So I wonder

I have been speculating inappropriately about the nature of the neighbours' marriage. Can't help it, maybe... or maybe I can but choose not to. He's 80-something, Jewish, Canadian. She's 60-something, Vietnamese, claims to "looooove Jewishpeople" (all one word). She says "Love" in a way I have never heard it said without the words "you longtime." (see, I told you this was all pretty inappropriate)

So I wonder and then I think there is almost no way they could have met in the natural course of things. So I wonder if he sent away for her, which is a phrase my father always used - JOKINGLY, please! - when saying he'd made a mistake choosing my mother and would have done better for himself with an obliging mail-order Asian bride. He also occasionally - again, JOKINGLY! - had the endearing habit of referring to my mother as his "first wife." Guess she had the last laugh.

So I wonder if they met through some kind of service - he sponsors her to Canada, she takes care of him for the rest of his days and then gets to retire in his comfortable bungalow just south of Eglinton.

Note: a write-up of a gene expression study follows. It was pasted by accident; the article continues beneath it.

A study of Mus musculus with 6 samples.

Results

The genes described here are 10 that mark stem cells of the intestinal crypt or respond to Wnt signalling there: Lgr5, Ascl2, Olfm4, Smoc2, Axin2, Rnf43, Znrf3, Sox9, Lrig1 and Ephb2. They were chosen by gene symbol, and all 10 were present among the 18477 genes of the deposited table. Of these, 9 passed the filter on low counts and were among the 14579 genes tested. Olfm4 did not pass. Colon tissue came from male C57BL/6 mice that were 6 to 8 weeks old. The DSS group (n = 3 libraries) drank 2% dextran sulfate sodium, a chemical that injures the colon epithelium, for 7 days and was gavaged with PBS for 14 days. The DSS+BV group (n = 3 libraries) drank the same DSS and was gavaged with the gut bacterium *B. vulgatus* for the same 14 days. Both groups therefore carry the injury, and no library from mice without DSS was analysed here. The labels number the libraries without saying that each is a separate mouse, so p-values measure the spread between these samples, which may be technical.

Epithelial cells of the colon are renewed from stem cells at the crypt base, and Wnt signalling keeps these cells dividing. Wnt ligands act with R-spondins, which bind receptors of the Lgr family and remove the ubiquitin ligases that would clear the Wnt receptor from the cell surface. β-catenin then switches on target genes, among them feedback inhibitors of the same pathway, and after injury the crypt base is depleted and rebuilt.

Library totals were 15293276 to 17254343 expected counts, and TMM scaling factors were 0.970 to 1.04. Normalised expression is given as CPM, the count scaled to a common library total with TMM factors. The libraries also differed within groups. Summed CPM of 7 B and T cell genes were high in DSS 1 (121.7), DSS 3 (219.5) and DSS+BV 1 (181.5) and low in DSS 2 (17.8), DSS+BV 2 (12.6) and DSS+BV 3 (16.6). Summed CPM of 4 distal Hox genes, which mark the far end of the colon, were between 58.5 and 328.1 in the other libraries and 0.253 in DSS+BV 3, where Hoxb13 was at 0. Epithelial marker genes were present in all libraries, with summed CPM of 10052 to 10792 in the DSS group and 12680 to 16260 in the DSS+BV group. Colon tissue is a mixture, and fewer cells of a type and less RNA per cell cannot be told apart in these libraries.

But then, I get a little Tevye in my head who says, "if that's not love, what is?"
Yes, she has complained often about how old he is and hard to take care of. But she's not abusing him; as far as I can tell, she's playing the part... when I went in last night, he was obviously being well taken care of. She goes to shul with him on Rosh Hashanah and Yom Kippur. She spent the last several weeks at his side in the hospital.

She refers to him by his first and last name, together. At first, the paramedics last night thought she was saying all one name (his last name is one of those ones that sounds like a given name -like he was some kind of hillbilly with a hyphenated name: Jim-Bob; Bobby-Frank. But she also remembered more or less his medical history, grabbed all his meds, remembered that he was on Metformin and pronounced it okay. It can't be easy in a new language, all of it.

So I guess it doesn't matter, either way. Nobody should live or die alone if they don't want to, and maybe in however-many years she'll have some nice Vietnamese (or not) husband to share her own old age with.

In the meantime, they just came home by AmbuTrans, I gave her back her keys, and she thanked me again. I'm glad he's (relatively) okay (for now).